Parisian Women Can Legally Wear Pants After 213-Year-Old Law Declared Void

Women of Paris, it's now legal to wear an article of clothing you probably already wear pretty often.

That's right. Until last week, it was against the law for females in the City of Lights to wear pants. That's when Najat Vallaud-Belkacem, France's minister for women's rights, made the law, which dates back to 1799, just after the French Revolution officially null and void, the Telegraph reported.

The original purpose of the law, first decreed by Paris' police chief, was to keep women from dressing like and thus being mistaken for male revolutionaries, the Raw Story reported. The law was amended a few times, including once in 1892, when an exception was added for women "holding the reins of a horse" and again in 1909 for women riding bicycles.

The repeal follows several failed attempts to strike the law from the books. When Green Party lawmakers tried to repeal it in 2010, officials at Paris police headquarters, where the original copy of the by-law is held, protested that repealing it would mean "removing a piece of judicial archaeology." (Note that no one was suggesting they burn the written statute). The police's other excuse for objecting to a repeal was that it was a "waste of time" -- no one pays attention to that dusty old thing, right?

A 2012 request by the UMP (Union pour un Mouvement Populaire) finally resulted in Vallaud-Belkacem's action last week. The minister said that the bill belongs "in a museum," not current law.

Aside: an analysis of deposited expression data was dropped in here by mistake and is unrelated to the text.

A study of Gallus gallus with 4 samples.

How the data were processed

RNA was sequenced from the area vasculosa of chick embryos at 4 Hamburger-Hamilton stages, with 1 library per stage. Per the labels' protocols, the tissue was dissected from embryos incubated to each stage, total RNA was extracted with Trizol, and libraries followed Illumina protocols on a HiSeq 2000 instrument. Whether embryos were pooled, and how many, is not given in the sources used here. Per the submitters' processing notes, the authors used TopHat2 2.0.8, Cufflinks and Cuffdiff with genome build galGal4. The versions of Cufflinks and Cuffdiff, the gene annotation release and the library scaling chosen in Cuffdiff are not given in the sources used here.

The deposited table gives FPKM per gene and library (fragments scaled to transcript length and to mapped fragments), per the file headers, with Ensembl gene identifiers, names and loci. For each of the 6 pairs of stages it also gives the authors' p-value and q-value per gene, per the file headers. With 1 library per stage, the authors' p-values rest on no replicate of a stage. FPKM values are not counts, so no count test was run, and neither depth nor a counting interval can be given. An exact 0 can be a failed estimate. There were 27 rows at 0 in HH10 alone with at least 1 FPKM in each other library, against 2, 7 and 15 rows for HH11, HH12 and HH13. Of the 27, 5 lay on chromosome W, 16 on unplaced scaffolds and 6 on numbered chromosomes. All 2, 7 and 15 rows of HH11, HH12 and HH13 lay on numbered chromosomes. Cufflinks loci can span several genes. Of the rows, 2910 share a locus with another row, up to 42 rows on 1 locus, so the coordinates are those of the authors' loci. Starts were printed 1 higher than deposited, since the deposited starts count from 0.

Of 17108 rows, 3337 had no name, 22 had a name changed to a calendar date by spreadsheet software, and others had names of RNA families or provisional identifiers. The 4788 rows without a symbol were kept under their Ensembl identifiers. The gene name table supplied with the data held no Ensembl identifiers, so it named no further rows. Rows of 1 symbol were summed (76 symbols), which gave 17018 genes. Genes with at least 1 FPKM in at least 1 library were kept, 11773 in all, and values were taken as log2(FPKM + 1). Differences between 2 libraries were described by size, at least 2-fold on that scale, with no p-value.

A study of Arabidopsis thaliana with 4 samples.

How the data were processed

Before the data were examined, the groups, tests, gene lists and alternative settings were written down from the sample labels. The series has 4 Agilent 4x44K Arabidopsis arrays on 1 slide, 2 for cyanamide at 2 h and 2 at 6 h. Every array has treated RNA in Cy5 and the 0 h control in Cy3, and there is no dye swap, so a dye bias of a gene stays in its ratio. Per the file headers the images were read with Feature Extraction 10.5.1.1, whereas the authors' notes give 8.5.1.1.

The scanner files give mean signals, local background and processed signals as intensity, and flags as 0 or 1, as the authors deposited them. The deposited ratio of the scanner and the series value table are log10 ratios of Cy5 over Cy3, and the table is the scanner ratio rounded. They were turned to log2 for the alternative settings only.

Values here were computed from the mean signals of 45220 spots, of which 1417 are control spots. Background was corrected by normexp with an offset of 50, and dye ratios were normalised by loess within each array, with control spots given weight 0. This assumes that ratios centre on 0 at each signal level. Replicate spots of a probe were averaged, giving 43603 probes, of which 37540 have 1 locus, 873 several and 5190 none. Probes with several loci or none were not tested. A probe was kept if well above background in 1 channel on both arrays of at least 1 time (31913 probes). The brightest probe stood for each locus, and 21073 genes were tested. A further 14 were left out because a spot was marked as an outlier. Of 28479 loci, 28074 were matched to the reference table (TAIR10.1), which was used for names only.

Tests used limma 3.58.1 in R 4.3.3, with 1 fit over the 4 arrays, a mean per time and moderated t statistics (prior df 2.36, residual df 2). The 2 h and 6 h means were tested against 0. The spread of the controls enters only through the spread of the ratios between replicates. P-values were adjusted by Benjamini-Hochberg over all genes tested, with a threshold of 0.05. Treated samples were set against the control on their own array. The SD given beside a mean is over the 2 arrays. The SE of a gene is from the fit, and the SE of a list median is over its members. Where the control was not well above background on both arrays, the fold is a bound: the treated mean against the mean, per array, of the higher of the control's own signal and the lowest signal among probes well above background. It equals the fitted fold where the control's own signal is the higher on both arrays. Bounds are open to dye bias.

France is not alone in having a law this outdated on the books -- the U.S. has hung on to many absurdly antiquated statutes that apply to women. It is against the law to adjust your stockings in public in Dennison, Texas and Bristol, Tennessee, for instance, and it's illegal to wear patent leather shoes in Cleveland, lest you give passing men a free up-skirt view.

Still, the fact that the Parisian law has hung around this long evokes France's not-exactly-progressive approach to women's rights. French women didn't get the vote until 1944, and the nation was ranked the worst country for women in Western Europe in a 2012 World Economic forum report.

In her statement last week, Vallaud-Belkacem seemed to address that imbalance: "This ordinance is incompatible with the principles of equality between women and men."